I have a 3 yr. Quarter mare that is usually good about everything, except she gets too excited when I get her to the arena to turn her out. Once we are barely inside the gate she takes off before I can get the lead rope off. I can walk up to her eaisly & get it off but this sometimes happens so quickly. I've tried using a rope halter which is okay, util we get inside the it's off to the races. I want to get this stopped because it is dangerous & I don't want her to have any sustained idea she's in control. Any suggestions would be very much appreciated, thanks.

That's what I would do, others will chime in with what has worked for them as well .

Thank you for the suggestion. I'll try it today & post back.
I agree with turning her towards you, then making her stand for a few minutes, before taking off the lead rope.
You can also apply a modification of what I do when a horse tries to leave quickly, when I take the halter off
Again, I make the horse face me, I also have on two halters and two lead shanks. Tell the horse whoa, AND WHEN THEY GO TO TAKE OFF AS SOON AS THEY FEEL THAT BUCKLE BEING UNDONE-SURPRISE! I will give them a sharp jerk with the bottom lead shank and halter, and repeat 'whoa'
You could try and attach two lead shanks, if turning her out with a halter on.
Un snap the first one, and when she tries to peel out of there (she will need to pivot, as she is facing you ) jerk her back around in her tracks with that second lead shank. Re attach that first lead shank, and repeat the sequence until she is standing there waiting for you to release her. When she is standing quietly and waiting, un do the snap, and step back. That is her signal that it is okay to leave

Usually with mine, I read their body language to begin with. I can tell when they are going to do it, before they do it. If I sense they think they are going to tear out of there, I make them wait and use my own body language and verbal commands.

If they don't settle, I don't release them. I have one horse that can be such a nut b/c he just wants to go run that when he won't settle, I have taken him back to the barn paddocks and he does not get to 'go out'. This keeps him guessing as to if he will be released this time or if it's just a walk. So he anticipates your actions less. Through the use of verbal commands, firm leading and your own body language (cues) they figure out you are the alpha and listen.
We got over it slowly. But, make sure you have someone around, just in case.

When I go to drop halter, I ask horse to back at same time as I step back, that way if horse goes to wheel and kick? I'm out of the way.

When I worked on the horse that actually did kick his owner while being turned out, I wouldn't immediately turn out the horse. If he started running over me, I had a dressage crop in hand, would turn, tap him on the chest and back him up until he learned respectful distance.

I then taught the horse to bend at the poll, and we would do different stretches (I taught him to bow, bend, worked on transitions when it came time). Eventually the gelding learned what I expected from him and could be safely turned out, and part of the reason was he didn't know if I was going to be asking him to work first, and play later.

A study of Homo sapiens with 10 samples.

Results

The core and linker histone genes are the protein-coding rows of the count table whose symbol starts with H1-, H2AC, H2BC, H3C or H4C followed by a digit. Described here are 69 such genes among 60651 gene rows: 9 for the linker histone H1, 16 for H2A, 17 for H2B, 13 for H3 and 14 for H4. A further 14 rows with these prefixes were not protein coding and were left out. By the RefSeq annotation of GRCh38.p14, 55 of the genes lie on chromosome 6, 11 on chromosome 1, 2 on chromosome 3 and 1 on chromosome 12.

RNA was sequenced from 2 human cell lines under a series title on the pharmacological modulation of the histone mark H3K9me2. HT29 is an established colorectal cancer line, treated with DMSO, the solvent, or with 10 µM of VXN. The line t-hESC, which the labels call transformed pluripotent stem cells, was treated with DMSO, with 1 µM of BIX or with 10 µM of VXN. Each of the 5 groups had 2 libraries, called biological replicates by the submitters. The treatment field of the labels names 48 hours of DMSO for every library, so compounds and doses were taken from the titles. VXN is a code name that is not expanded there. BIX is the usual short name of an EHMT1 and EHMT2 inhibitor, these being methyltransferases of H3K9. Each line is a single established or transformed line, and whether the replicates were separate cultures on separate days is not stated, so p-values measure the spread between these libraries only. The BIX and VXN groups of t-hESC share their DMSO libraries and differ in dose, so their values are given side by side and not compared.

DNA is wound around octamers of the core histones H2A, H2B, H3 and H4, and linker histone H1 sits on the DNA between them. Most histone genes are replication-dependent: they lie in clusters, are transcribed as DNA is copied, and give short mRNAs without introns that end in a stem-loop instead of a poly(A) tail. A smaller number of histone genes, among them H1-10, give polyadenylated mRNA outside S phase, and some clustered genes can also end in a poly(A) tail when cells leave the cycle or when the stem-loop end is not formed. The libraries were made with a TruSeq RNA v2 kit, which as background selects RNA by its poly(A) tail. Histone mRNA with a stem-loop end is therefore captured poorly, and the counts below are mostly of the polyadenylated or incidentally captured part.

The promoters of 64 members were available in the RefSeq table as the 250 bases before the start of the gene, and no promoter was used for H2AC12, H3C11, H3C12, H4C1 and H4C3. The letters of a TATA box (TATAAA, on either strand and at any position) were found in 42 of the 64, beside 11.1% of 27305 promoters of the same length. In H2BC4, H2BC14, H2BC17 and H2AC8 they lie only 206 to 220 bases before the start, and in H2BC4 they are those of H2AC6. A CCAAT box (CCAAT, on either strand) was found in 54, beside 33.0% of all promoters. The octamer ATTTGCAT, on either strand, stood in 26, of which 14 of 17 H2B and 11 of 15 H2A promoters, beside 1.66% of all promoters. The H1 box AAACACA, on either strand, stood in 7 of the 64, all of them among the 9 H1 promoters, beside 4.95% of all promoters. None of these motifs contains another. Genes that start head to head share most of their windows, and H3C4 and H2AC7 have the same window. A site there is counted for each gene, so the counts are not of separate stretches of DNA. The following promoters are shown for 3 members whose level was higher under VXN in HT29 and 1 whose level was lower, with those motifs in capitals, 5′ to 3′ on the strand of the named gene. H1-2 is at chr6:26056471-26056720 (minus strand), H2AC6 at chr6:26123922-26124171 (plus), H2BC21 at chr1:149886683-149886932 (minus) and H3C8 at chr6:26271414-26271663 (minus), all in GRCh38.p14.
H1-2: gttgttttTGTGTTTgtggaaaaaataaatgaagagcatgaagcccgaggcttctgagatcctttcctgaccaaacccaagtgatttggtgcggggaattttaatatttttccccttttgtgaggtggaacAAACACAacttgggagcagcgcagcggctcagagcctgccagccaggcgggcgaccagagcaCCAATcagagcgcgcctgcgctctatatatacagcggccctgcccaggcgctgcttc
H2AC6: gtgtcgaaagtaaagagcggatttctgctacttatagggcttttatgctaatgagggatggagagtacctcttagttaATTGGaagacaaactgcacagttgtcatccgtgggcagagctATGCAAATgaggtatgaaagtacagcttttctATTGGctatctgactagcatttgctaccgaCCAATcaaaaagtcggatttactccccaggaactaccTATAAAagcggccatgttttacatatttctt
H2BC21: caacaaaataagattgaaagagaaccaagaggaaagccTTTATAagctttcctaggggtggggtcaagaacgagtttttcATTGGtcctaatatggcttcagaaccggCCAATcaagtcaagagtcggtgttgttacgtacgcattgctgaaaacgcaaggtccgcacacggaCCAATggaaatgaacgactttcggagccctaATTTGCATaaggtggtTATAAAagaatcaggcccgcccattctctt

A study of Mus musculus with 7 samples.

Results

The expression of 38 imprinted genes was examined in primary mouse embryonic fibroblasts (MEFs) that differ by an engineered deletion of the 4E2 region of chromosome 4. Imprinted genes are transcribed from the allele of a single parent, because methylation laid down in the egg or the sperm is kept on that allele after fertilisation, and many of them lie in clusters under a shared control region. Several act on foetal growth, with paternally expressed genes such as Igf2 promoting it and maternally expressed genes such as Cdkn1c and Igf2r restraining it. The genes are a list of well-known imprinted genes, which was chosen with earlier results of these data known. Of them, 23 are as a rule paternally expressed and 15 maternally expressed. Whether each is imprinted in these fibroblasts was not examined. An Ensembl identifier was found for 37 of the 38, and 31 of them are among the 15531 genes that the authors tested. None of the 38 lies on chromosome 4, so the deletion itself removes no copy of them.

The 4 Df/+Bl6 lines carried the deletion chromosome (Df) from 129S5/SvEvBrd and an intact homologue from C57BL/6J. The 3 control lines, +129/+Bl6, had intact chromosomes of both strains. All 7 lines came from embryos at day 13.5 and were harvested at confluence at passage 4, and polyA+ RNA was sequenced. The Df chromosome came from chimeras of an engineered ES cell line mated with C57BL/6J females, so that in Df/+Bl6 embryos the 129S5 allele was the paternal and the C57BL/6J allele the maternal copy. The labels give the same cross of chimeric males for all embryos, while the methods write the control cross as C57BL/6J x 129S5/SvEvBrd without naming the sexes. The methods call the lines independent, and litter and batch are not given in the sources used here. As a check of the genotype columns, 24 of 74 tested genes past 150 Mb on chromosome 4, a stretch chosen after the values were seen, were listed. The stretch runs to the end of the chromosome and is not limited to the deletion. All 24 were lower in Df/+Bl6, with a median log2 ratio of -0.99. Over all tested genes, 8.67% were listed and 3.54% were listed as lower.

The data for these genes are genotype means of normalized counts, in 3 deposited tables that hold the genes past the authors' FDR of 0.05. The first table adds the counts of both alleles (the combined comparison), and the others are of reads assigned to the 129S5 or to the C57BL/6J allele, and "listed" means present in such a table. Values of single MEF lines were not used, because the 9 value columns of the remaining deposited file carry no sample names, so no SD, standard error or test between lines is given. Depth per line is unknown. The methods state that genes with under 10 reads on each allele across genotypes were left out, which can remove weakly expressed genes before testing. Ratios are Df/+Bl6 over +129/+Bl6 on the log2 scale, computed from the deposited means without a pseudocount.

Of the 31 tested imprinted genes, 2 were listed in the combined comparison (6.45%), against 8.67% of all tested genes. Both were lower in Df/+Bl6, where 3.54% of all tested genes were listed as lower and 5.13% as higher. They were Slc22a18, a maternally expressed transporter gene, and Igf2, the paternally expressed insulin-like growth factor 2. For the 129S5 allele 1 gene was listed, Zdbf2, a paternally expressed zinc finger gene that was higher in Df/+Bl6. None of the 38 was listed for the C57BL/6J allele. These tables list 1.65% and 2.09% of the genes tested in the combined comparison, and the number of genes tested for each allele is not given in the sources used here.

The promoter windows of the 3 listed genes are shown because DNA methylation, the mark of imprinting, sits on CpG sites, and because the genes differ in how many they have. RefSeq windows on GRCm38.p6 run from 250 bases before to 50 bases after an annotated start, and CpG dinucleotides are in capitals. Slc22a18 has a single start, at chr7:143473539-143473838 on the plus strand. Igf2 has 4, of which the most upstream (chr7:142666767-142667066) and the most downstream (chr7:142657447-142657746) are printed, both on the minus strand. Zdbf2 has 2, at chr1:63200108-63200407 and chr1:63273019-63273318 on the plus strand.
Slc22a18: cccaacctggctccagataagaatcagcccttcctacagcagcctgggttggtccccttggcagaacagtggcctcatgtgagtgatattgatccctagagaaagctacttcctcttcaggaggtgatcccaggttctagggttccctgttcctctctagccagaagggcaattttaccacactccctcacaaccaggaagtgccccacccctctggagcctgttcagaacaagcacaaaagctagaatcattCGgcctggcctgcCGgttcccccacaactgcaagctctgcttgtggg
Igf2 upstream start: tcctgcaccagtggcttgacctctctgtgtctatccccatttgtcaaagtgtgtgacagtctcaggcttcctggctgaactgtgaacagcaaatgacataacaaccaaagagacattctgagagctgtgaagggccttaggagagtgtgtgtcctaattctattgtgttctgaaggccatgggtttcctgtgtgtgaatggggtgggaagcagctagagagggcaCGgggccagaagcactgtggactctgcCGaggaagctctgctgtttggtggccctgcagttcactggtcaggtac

I know how hard this can be with a young horse. I had a young thoroughbred who would get a bug in his butt the second he was going to be turned out. So I stopped turning him out first, - we went to the round pen and lunged, worked on transitions, and eventually started working at liberty in the round pen which he became great at. When we moved into the arena where he was turned out, I would ask the same thing, and then it was play time when I decided.

The at liberty work really helped with safely turning my gelding out. If he expected it to be play time, I turned it into work time. My general training motto is make the naughty thing the horse is doing harder, and then reward it with what it wants. If your horse is mowing you down and taking off when you turn him out, make him work, work, work and then turn him out.

While I understand where people come from with the backing can also lead to rearing, this is a problem I've never had and I really generally results in a horse getting mixed of confused cues about what is expected of it.

I also just have to ask, how well does this horse understand 'WHOA'. If your horse doesn't know that whoa means stop, no more steps, start there, or you could end up in a dangerous situation.
i had a horse when i was 10 that that would do the same thing then i would turn her out, She ended up running me over and breaking my shoulder, arm and hand. I was alone and had to drive 45 minutes to the hospital alone.
We got over it slowly. But, make sure you have someone around, just in case.
Off subject, but it caught my eye- you were 10 and driving? Alone?

When you live in the middle of nowhere on a farm, you learn to drive young... When you injured and cant get ahold of anyone, you do what ya gotta do. It was go to the hospital or wait til someone came home.
Originally Posted by SingerHed View Post
i had a horse when i was 10 that that would do the same thing then i would turn her out, She ended up running me over and breaking my shoulder, arm and hand. I was alone and had to drive 45 minutes to the hospital alone.
We got over it slowly. But, make sure you have someone around, just in case.
you drove when you were 10 ??

But on the subject of driving young- a farmer friend of my family's has sons that have been driving farm machinery since they were around 5!
If I knew how to drive and needed to get somewhere in an emergency, I'd drive, no matter the age. I am somewhat impressed though, that a kid in that much pain could think through driving to the hospital. I feel like many kids would be way too busy freaking out.